If you’d asked me before this week, I’m afraid I’d have guessed Angela Lansbury had already reached the spirit world. I’ve always imagined her eternally inhabiting the mid-twentieth century, as the prim but decidedly experimental home front heroine in Bednobs and Broomsticks (1971) or the icy Cold War matriarch in The Manchurian Candidate (1962). Yet at the age of 88 she’s alive and kicking – nigh twerking – at the Gielgud Theatre in Blithe Spirit, Noel Coward’s tale of a newly re-married widower, who inconveniently rouses the ghost of his first wife and finds himself committing “astral bigamy”.
In 1941, Blithe Spirit constituted wartime escapism for Coward, so with her clipped vowels and Queen Mother drawl, Lansbury is still on home territory. I’d have loved to hate it – she does need to be punished for all those God-awful episodes of Murder, She Wrote – but as Madame Arcati, the dotty medium whose séance kickstarts this domestic haunting, she could put a smile on the face of Diogenes. And while Blithe Spirit is far too frequently a staple of schools and amdram societies, this is likely to be the finest production you’ll ever see. Simply splendiferous.
Blithe Spirit is no light entertainment: this is a cold and callous play. Which is why it is a delight. Lesser productions tend to obscure this cruel core, burying the bitterness of the Condomines’ domestic warfare beneath the light interplay of cucumber sandwiches and gags about the English weather. But Coward’s humour is acidic: Charles Condomine begins the play by cracking jokes with his second wife about the death of his first, Elvira (“she was of the earth, earthy” / “well she is now, anyhow”). Michael Blakemore, another sprightly octogenarian at 85, directs with a wry feel for the icy cynicism at the heart of the piece. The curtain rises on a scene of domestic bliss, as Condomine happily flirts with his own wife – by the final bow, the arrival of Elvira’s ghost has exposed not just the mutual-loathing at the heart of his second match, but the sham of his idealised first.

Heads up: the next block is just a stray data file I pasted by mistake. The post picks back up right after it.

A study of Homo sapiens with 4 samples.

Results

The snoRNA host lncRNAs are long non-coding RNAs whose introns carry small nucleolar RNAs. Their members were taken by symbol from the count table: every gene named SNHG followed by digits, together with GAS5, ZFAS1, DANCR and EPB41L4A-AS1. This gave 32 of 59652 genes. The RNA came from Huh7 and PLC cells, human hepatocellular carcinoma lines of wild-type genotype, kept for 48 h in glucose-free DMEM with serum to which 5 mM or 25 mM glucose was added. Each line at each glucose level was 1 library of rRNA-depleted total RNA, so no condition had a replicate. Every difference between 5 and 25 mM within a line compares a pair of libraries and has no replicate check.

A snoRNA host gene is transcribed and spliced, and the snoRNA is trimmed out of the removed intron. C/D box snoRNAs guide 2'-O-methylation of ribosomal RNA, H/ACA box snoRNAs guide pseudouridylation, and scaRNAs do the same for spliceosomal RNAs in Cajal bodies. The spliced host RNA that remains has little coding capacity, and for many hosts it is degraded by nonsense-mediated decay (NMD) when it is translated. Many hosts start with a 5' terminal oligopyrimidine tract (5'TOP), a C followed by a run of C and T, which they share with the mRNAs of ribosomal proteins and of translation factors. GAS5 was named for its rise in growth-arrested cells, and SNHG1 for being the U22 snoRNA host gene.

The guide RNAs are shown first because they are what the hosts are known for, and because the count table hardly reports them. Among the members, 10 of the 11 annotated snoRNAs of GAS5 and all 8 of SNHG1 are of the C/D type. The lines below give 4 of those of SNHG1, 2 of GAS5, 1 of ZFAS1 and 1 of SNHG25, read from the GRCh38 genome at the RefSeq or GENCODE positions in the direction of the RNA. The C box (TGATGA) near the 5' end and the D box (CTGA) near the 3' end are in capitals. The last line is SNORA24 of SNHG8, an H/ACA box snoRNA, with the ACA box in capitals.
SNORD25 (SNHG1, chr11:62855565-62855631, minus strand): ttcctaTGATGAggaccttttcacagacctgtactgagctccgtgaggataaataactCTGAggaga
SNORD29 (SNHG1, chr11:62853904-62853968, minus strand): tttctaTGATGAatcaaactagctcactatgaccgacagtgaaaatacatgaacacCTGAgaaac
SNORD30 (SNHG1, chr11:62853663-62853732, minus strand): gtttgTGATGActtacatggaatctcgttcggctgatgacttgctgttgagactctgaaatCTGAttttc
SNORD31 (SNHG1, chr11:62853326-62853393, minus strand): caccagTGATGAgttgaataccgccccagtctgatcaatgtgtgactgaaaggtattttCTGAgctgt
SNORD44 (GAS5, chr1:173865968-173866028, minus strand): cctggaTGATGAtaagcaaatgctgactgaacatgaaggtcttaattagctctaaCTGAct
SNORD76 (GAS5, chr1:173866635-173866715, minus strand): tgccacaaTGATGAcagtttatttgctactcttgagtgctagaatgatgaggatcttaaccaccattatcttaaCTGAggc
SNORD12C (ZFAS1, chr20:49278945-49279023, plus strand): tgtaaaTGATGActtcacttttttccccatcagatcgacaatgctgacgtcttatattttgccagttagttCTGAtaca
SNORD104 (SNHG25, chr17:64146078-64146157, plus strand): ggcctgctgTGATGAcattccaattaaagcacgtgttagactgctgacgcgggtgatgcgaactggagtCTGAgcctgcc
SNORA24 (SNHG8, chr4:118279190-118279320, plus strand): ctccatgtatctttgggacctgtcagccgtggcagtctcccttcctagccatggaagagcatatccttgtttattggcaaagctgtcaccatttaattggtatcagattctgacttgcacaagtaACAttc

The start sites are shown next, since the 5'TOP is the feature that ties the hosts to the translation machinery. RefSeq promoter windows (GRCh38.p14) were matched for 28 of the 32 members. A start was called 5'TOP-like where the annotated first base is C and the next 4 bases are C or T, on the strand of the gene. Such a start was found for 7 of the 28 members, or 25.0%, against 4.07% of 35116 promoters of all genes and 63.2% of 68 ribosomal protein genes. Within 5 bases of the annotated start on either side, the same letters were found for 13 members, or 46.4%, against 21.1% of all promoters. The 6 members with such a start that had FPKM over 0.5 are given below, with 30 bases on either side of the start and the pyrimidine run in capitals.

Angela Lansbury has star billing, but the pulse of the drama is maintained by three of the most compelling actors working in Britain today: Charles Edwards is a dry but doltish Condomine, Janie Dee his second wife, Ruth, and Jemima Rooper sparkles as Elvira. Rooper has a good line in mischievous sexpots (I’ve been watching her play them since she was sixteen) and she is in her element as Elvira, half poltergeist, half seductress. Edwards brings to his role all the verve with dialogue he showed in his career-making role as Benedict at the Globe’s 2011 Much Ado About Nothing. Then he played opposite Eve Best, and here he shows again that his stage presence doesn’t fade even beside the most powerful of actresses. Janie Dee is a ferocious Ruth, putting her spectral rival in her place with the same controlling sang-froid she uses to manage a tricky dinner guest.
But the night belongs to Angela Lansbury. And if I’ve harped on about her age, it’s because it’s a shock to see her quiver with energy, as sharp and alert as an actress forty years younger. Like so many spiritualists, Madame Arcati is rather drab and ordinaire. But underneath the charity shop clothes and middle-class gluttony, Lansbury invests her with an undercurrent of primitivism: Nijinsky disguised as Nigel Farage. Madam Arcati may be a half-cracked conjuress, but Angela Lansbury is a true mistress of her craft. If you’ve got a ticket, you’re very lucky.